One thing many parents struggle with is encouraging their children to enjoy reading novels. When children these days are surrounded by digital media and instant entertainment in the form of movies, computer games and social media, sitting down to enjoy a book is often a more time-consuming activity than they are used to. However, the benefits are huge, including improving higher order thinking skills, concentration, and importantly, language ability.

Reading novels in English has recently seen a revival in the classroom, as educators have noticed a huge number of advantages over using short texts. As most English language literature is written for native speakers, it prepares learners for the types of language they will have to understand in the real world, and how to notice language norms and patterns. Reading in class also encourages students to communicate with others, as they often feel compelled to share their thoughts and feelings about the story. Students engage with the attitudes and opinions expressed by the author or the characters, helping them to develop their sense of self, moral code, and understanding of the world.

Most importantly, reading literature in English is highly motivating, as finishing a whole book is a huge achievement for a language learner. Books written by popular authors will likely be more interesting and engaging than texts in language course books, no matter how much effort is put into writing them, and this makes lessons more enjoyable.

However, the reading done in an English lesson once a week can’t compare to the long-term impact of fostering a love of reading at home, and from a young age. By reading in their own time, children become independent learners who are picking up the English language implicitly whilst also improving many skills which will be needed throughout their lives.

As parents, there are many ways to encourage reluctant readers to pick up a book. Starting small with short stories is a good first step. A whole novel can often be so intimidating that children are immediately overwhelmed. Graphic novels are also an excellent way to make reading seem less intimidating, as the pictures fill in the gaps in their understanding. Graphic novel versions of classic stories are readily available, and children can then graduate to reading the full novel afterwards.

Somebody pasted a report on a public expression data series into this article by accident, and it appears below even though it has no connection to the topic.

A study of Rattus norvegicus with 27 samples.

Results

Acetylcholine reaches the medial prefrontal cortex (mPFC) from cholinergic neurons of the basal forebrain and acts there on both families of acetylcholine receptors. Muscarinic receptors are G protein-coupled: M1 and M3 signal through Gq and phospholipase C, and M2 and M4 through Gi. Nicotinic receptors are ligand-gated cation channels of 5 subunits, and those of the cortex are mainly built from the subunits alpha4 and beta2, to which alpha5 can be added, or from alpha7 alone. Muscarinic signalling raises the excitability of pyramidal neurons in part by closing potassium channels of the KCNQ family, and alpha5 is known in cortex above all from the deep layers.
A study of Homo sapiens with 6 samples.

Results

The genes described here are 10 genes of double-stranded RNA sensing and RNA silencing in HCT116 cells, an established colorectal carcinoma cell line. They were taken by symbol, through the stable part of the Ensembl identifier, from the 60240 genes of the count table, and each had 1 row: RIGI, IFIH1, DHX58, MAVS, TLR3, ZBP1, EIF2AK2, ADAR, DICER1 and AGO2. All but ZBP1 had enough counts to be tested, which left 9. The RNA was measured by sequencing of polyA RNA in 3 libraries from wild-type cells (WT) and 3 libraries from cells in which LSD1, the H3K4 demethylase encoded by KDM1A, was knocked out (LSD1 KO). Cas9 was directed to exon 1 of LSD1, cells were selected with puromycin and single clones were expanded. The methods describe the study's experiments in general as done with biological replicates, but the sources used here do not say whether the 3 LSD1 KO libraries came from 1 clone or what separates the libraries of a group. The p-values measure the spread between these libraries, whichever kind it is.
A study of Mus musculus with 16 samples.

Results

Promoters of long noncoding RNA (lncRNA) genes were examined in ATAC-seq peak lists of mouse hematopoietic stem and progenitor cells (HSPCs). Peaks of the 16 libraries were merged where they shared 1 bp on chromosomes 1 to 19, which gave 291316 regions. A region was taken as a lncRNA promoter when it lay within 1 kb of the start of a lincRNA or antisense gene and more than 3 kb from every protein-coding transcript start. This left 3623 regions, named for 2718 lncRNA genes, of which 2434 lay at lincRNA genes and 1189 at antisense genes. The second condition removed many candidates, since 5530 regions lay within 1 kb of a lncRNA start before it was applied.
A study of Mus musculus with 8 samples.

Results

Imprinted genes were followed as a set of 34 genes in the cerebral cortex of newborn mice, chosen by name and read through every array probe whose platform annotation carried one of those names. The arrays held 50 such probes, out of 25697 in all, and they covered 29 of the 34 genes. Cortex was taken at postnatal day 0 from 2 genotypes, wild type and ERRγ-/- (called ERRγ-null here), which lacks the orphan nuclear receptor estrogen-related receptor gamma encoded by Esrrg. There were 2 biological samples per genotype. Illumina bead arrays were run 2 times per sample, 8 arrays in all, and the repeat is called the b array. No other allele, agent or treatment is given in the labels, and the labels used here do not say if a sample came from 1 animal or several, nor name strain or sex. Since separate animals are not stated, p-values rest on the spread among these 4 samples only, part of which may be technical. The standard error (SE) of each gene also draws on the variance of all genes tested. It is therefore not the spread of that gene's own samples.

You can encourage children to read a book in English after they have already read it in their native language, as repetition helps them to feel safe and supported. By already being familiar with the basic story, children will have less trouble with unfamiliar vocabulary. Similarly, first watching a movie version of the novel can provide this support, and also make the story seem more relevant to this new generation of digital natives.

Finally, one of the best ways parents can support their children in promoting reading is to read to them yourself. If you read together, your child can instantly have their questions about new vocabulary or plot points answered. It has the effect, similar to when literature is used in the classroom, of prompting instant discussion and engagement with the themes of the novel, as conversation will naturally happen as you read together.

Reading an entire book in English is an accomplishment for children at any age. By helping our children feel motivated by that accomplishment, they can be improving their language ability far beyond the classroom. At the British Council, we use English novels, extracts from popular stories, and purpose written texts to support your child in achieving a love of reading alongside an all-round improvement in their language skills.